Extremely low levels of radioactive iodine from the tsunami-hit Japanese nuclear plant have been detected in parts of the UK.
A statement from the Health Protection Agency said the "minutest traces of iodine" were being seen in the UK, with low levels detected at monitoring stations in Oxfordshire and Glasgow
The agency said there was no public health risk posed by the iodine, as the radiation dose received from inhaling air with the levels recorded in the past few days would be minuscule and much less than the annual background dose.
While levels may rise in the coming days and weeks, they will be "significantly below any level which could cause harm to public health", the HPA said.
The statement comes after the Scottish Environment Protection Agency (Sepa) said an air sampler in Glasgow had picked up iodine particles which they believe could be from the Fukushima nuclear plant in Japan.
The HPA said that trace levels of the radioactive chemical iodine-131 had been detected by measurements taken at a monitoring station in Oxfordshire on Monday. The measurements followed reports of iodine at monitoring stations in Glasgow and Oxfordshire.
Dr James Gemmill, Sepa's radioactive substances manager, said: "The concentration of iodine detected is extremely low and is not of concern for the public or the environment. The fact that such a low concentration of this radionuclide was detected demonstrates how effective the surveillance programme for radioactive substances is in the UK.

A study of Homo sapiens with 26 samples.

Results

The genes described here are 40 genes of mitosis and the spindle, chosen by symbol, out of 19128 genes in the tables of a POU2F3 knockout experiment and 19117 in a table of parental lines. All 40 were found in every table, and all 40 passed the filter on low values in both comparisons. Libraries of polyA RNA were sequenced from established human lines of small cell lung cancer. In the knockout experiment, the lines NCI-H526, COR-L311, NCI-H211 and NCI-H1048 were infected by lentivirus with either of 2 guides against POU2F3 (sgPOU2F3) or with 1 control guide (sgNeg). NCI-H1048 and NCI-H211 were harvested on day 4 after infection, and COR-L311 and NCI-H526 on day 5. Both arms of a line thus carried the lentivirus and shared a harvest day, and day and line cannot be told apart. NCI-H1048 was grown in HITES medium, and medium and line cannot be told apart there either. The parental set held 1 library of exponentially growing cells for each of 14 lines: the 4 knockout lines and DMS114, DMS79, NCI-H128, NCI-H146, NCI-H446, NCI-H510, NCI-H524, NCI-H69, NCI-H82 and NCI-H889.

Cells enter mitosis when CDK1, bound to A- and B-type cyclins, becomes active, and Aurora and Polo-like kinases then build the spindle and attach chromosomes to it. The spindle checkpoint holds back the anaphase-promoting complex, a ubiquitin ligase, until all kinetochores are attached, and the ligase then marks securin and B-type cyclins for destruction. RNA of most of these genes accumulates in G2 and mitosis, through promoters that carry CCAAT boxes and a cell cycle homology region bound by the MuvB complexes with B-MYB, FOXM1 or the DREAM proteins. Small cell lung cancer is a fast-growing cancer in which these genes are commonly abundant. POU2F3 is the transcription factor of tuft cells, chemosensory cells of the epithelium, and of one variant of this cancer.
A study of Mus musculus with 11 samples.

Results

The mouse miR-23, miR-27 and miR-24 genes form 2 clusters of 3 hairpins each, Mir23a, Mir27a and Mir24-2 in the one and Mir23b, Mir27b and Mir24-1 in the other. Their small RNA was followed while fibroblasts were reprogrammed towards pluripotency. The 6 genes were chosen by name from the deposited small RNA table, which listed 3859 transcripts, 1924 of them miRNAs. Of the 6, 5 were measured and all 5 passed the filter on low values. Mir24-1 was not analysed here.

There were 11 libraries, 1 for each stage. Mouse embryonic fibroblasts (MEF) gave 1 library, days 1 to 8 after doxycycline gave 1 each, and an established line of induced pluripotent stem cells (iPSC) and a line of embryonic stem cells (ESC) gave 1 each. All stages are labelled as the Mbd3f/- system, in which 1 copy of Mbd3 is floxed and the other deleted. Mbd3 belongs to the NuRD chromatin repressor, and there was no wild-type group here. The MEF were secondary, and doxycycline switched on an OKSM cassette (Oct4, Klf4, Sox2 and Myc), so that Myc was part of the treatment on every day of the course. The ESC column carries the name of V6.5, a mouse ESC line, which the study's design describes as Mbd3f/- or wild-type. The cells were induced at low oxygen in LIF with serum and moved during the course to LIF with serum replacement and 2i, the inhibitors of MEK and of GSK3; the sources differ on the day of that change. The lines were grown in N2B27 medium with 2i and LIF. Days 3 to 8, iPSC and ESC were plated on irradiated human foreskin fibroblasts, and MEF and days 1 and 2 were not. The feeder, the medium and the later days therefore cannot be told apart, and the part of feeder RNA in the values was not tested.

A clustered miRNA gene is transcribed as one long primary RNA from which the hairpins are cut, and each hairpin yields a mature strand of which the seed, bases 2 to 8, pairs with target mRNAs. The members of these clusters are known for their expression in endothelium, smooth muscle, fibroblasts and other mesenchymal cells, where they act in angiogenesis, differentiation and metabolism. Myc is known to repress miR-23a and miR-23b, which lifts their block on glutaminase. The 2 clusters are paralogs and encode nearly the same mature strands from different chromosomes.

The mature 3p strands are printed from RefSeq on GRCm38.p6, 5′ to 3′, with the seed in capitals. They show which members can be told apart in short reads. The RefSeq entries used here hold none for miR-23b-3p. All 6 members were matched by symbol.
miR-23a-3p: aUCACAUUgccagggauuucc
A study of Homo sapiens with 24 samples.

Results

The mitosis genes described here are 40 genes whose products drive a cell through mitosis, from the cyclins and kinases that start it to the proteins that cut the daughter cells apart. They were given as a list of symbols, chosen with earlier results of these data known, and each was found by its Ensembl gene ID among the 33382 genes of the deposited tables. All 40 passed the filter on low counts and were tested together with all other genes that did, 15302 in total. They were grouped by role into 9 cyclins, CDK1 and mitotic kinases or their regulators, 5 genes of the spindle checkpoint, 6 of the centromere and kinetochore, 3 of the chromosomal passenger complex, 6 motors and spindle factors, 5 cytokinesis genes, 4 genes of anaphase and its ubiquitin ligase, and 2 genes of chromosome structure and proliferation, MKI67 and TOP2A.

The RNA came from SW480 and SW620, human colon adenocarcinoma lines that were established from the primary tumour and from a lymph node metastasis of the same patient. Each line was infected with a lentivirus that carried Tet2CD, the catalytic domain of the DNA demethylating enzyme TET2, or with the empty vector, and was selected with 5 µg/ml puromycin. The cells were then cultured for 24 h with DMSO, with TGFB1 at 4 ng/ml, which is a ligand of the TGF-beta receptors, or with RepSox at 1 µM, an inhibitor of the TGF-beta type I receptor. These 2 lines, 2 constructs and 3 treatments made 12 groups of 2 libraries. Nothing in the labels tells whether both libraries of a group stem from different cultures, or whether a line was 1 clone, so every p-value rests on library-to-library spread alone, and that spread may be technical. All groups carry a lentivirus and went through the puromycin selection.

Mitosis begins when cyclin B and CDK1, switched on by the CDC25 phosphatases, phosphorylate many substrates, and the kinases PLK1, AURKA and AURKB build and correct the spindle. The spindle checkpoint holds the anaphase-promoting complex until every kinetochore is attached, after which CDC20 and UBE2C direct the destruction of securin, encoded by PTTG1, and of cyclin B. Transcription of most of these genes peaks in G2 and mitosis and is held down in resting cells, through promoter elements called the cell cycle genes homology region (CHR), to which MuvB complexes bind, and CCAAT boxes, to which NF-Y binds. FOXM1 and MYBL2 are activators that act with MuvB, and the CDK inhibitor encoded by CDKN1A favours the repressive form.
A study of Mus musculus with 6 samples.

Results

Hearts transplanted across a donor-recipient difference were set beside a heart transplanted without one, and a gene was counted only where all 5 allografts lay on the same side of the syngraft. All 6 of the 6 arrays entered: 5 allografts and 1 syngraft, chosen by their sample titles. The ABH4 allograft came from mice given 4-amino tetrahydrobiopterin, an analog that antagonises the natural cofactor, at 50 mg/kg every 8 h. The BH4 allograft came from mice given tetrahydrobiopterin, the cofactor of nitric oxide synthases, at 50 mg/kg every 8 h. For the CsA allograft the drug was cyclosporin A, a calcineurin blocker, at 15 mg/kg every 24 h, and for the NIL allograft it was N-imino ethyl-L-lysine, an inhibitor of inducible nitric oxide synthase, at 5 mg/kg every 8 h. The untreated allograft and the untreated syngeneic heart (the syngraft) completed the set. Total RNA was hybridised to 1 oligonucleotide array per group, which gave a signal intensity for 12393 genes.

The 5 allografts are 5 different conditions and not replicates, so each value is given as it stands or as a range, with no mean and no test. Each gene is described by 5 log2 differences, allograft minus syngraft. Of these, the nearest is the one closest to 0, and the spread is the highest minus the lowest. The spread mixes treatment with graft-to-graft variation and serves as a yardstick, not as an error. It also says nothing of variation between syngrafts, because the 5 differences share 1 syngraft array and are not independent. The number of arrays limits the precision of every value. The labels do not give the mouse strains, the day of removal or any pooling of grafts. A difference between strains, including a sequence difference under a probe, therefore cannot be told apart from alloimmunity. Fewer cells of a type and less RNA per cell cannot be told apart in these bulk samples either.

"Sepa has an ongoing comprehensive monitoring programme for radioactivity in Scotland and has increased the level of scrutiny to provide ongoing public assurance during this period."
Engineers have been struggling to bring the Fukushima plant under control since it was hit by the earthquake and tsunami which devastated north east Japan more than two weeks ago. In the latest problems to hit the plant, which has suffered explosions, fires, radiation leaks and fears of a partial meltdown, radioactive water was found to be leaking from the site, while plutonium has been found in the soil.
Meanwhile, Japan's government has admitted that its safeguards were insufficient to protect a nuclear plant against the earthquake and tsunami that crippled the facility and caused it to spew radiation, and vowed to overhaul safety standards.